Is Glamping no just one of they words that’s horribly wonderfully, horrible? I have a love hate relationship with the term – an unholy union between Glamour and Camping. It’s sickly and cloying – like when a fast food restaurant tries to do salad but you know what you’re eating isn’t really food. But like Glamping I’m middle class enough that I’d order such a salad and feel wonderfully ironic – with a tangy unsatisfying taste in the mouth.
So what is Glamping? Camping in luxury – no tent or a very elaborate tent often with electricity and various other mod cons. One gets away from the rigamarole of daily living but does not have to wrestle with a giant rain jacket stuck into the ground with sticks.
On the face of it Glamping seems quite nice. But why the glamour? What is glamorous about sleeping in a shed?
Glamping makes me uncomfortable as it turns a desire to get outdoors and away from it all into an ironic joke. Something a bit silly, an indulgence for those who can afford it. Glamping is a term which is exclusive – designed to appeal to people in on the joke – for whom a night under the stars is light years away and not a benefit cut away.
We have got to the stage where climbing up a hill or through a forest to sleep in a shack can be marketed as a luxurious life choice. It’s expensive. It is kind of perverse. Much like we count the calories in our food and try to shave off nutritients bit by bit meaning the food we eat is less and less food rather than expending that energy on… well on expending our energy – to burn off this nutrition. We are designed to eat and to process that food in action. Not to passively eat non-food which we don’t use. We put less and less efficient fuel in our bodies and wonder why we are lethargic and clocking up so few miles. We go for binge eating and fad diets.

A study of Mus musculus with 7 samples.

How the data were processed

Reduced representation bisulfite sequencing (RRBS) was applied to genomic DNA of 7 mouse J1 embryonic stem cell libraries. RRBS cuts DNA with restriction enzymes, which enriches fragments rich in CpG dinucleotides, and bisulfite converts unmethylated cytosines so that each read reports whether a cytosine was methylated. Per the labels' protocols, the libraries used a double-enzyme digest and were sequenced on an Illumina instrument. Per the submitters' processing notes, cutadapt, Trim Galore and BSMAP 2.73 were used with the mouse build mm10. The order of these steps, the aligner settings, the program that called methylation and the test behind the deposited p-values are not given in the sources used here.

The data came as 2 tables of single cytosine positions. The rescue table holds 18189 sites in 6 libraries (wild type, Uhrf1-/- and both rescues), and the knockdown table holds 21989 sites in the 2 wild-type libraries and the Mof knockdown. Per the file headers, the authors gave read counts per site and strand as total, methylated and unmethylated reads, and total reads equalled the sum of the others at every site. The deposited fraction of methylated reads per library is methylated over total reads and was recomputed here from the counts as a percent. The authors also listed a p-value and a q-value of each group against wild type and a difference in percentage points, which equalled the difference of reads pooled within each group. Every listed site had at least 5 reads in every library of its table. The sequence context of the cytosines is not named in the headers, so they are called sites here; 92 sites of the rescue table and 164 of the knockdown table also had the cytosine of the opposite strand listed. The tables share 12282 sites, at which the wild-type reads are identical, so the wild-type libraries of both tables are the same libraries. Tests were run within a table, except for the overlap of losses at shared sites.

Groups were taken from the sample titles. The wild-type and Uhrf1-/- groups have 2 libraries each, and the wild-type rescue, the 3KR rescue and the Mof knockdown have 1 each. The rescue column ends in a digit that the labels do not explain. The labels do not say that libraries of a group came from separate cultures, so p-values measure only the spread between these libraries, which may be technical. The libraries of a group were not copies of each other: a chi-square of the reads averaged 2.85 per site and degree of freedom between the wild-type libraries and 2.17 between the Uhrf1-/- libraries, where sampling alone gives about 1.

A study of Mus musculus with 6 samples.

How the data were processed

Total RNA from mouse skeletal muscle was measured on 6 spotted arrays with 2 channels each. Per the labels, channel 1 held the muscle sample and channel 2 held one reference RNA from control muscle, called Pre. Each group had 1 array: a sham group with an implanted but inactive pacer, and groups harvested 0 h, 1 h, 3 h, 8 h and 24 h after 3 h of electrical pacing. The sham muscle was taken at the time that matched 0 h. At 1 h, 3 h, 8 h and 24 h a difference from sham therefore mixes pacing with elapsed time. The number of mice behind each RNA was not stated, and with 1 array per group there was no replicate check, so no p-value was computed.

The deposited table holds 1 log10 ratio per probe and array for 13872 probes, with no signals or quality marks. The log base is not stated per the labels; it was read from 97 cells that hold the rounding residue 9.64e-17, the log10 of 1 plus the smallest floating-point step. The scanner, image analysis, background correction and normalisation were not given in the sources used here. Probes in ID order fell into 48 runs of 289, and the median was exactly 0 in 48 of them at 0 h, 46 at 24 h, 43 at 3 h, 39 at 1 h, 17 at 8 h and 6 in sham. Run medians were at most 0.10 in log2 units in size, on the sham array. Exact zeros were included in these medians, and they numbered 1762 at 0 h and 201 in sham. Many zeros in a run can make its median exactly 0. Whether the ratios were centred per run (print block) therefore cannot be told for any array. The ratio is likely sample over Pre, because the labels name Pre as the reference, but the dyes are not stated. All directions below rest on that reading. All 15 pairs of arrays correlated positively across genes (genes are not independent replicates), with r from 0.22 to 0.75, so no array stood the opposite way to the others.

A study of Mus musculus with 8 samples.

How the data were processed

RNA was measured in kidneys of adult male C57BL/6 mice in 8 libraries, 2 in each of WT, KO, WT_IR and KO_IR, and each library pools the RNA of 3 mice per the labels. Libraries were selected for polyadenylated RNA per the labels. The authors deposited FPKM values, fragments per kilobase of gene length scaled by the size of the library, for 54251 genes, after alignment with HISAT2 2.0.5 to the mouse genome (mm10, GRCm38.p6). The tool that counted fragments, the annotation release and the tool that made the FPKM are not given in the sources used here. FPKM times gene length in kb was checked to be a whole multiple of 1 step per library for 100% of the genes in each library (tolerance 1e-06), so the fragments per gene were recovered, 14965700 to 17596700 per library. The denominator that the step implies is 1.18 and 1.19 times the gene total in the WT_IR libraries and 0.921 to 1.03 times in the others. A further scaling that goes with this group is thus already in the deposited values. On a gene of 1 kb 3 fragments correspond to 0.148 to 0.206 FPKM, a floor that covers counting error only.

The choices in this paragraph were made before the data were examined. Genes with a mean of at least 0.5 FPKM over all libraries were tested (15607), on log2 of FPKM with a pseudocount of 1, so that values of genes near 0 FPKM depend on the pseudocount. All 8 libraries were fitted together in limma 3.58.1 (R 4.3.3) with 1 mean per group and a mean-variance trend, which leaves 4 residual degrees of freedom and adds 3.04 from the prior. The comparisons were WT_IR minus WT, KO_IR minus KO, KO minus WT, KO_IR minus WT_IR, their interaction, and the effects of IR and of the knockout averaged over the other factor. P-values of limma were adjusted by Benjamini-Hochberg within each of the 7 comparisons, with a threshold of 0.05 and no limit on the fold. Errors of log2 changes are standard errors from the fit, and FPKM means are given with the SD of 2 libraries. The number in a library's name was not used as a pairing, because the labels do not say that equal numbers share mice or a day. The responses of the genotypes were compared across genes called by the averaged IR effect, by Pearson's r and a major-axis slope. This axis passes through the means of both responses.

Our camping situation is a bit like that – diehards who perch in soggy tents eating soggy beans convincing themselves they’re enjoying it and yuppies glamping it up and convincing themselves they’re really outside. The point of glamping is not comfort or shelter – but luxury. Are we all hedonists or masochists?
Is there not a middle option? The equivalent of a healthy, authentic diet easily available to all.
In Norway, a beautiful Northern European country with low population density, it is normal and not at all bourgeois to have a camping hut. They are unobtrusively scattered around beautiful terrain. People can get away from it all in a manner that is authentic, rustic and comfortable! And the best thing – it’s inexpensive and therefore commonplace. It’s not an elaborate joke that we knowingly make about how couch potatoey we have become – it’s a tradition dating back generations. It’s only been recently in European history that it has been normal to say one has a holiday home and strange to say one has a holiday hut. It’s actually very natural for people to have temporary summer living spaces amongst nature, not as a luxury for those who can afford it – but as a way of life for seasonal people – think for instance of shepherds.
I like the idea of sleeping in a wacky, futuristic pod and I like the idea of having just a stretch of canvass overhead from time to time but neither quite provide what I’m looking for. These options are expensive, require equipment and resources, appeal to people from certain backgrounds with certain personalities which hold them at arms length from the general population.
In Scotland we have so much beautiful space – so why is it gilet wearing bloggers like me who go on about camping and glamping? It should be natural for all of us to inexpensively have wee huts we can use out in the wilds. Wee huts to rest, get inspired and immerse ourselves in our habitat.
Glamping for all – let’s see a future where we assess our success not by housing prices going up but by affordable living costs coming down. It should not be a luxury to have a wee shed somewhere you can get away to for a few days. Let’s reclaim the land that should be a wonderful, shared resource that has been taken away from us and enjoy it freely. Currently anyone wanting to just build a wee shack somewhere would have to go through so many hoops and would be bullied as an eccentric. But a landlord that drives up the rents of an area to move unwanted people out – so in turn raising the value the property of the local already wealthy property owning class is some kind of hero – a harbinger of a recovering economy?
The only point of an economy is to make it work for people. I want to live with (we don’t live ‘in’ an economy, we live with it. We live in the world, in the land, in the air, but we only live with the economy) an economy that prioritises a whole country’s well being rather than the ‘winner stays on’ bank accounts of a few.